Healthcare fraud occurs when a person uses deception to defraud Medicare, Medicaid, or private insurance and obtain some benefit. Various types of actions may be considered offenses, with some typical schemes involving providing unnecessary services or billing for services that were not rendered. In some cases, alleged offenders will unlawfully obtain medical identification information and use it to falsify healthcare claims.
Marketing and Providing Fake COVID-19 Tests
The novel coronavirus disease (COVID-19) has caused widespread fear across the nation, as well as around the globe. The Centers for Disease Control and Prevention (CDC) reported that as of September 1, 2020, the U.S. had over 6 million COVID-19 cases, and 183,050 COVID-related deaths. In Florida, there have been 616,629 cases of COVID-19.
The rapid spread of the novel coronavirus has made people more vigilant about getting tested. They may seek to receive early treatment or to ensure that, if they are infected, they do not come in contact with others and further transmit the virus.
Unfortunately, some people have seen other's fear and the increase in testing as an opportunity to defraud health insurance companies for their own financial gain. The FBI reported that several new types of healthcare fraud schemes have emerged during the COVID-19 pandemic.
One such offense involves people marketing and delivering unapproved tests. The alleged offender may contact an individual in person, by email, by phone, or through social media to tell them that they must take a COVID-19 test. They then ask for the individual's personal and medical information to get the "testing process" started. Often, the test is never given, or a fake test is provided.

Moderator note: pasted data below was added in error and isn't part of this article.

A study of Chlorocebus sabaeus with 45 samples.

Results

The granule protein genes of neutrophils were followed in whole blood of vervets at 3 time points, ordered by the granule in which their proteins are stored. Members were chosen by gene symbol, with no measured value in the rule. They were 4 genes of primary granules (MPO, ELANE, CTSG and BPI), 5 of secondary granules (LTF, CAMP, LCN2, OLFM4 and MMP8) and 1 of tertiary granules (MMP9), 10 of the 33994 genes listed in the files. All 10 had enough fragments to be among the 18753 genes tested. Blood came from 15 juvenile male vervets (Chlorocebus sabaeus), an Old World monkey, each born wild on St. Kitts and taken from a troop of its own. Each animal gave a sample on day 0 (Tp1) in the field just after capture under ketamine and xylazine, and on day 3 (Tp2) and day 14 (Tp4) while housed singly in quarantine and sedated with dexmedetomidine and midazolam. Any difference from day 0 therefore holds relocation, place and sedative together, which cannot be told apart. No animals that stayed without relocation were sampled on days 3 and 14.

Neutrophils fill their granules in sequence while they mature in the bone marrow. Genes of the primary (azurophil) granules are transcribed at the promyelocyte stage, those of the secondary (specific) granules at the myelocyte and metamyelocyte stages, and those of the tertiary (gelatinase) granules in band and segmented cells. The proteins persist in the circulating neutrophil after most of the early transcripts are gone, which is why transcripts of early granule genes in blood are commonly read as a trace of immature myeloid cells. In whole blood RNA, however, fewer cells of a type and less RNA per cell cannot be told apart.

The alleged offender might then use the information they obtained to fraudulently bill health insurance programs and keep the money. If the health care program eventually denies the claim for an unapproved COVID-19 test, the beneficiary may end up footing the bill for services that were never rendered.
Investigation of Healthcare Fraud
The FBI is the main agency that investigates healthcare fraud, usually working with other organizations to identify alleged fraudsters. During these lengthy investigations, a government official will interview the alleged offender and attempt to link them to the crime.
People under investigation will often provide statements to officials to try to prove their innocence, and they do so without first consulting with an attorney. Unfortunately, such well-meaning actions can have detrimental effects, as anything the person says can be misconstrued and cause them to unknowingly incriminate themselves. This can strengthen the government's case against them.
If a person is convicted of a healthcare fraud offense, they could be sentenced to prison for years and be ordered to pay thousands of dollars in fines. Also, because COVID-19 healthcare fraud schemes often involve the use of mail or electronic communication, the alleged offender may be charged with mail or wire fraud, which means they might face even more penalties upon conviction.
Hiring a Lawyer to Fight Charges
The rules and regulations concerning healthcare claims are complicated, and an innocent mistake can lead to a criminal investigation. Thus, a person may be accused of wrongdoing when they had no intent to defraud a healthcare program.
In a healthcare fraud matter, it's crucial to retain the services of a lawyer right away, as they can provide skilled legal guidance from the initial investigation to the conclusion of the case.
At the Law Offices of Horwitz & Citro, P.A., we use our experience in complex white-collar cases to protect our clients’ rights. We conduct defense investigations in order to convince the government that our clients should not be charged and to mount a vigorous defense if the government files criminal charges.
Call our Orlando attorneys at (407) 901-5852 or contact us online today.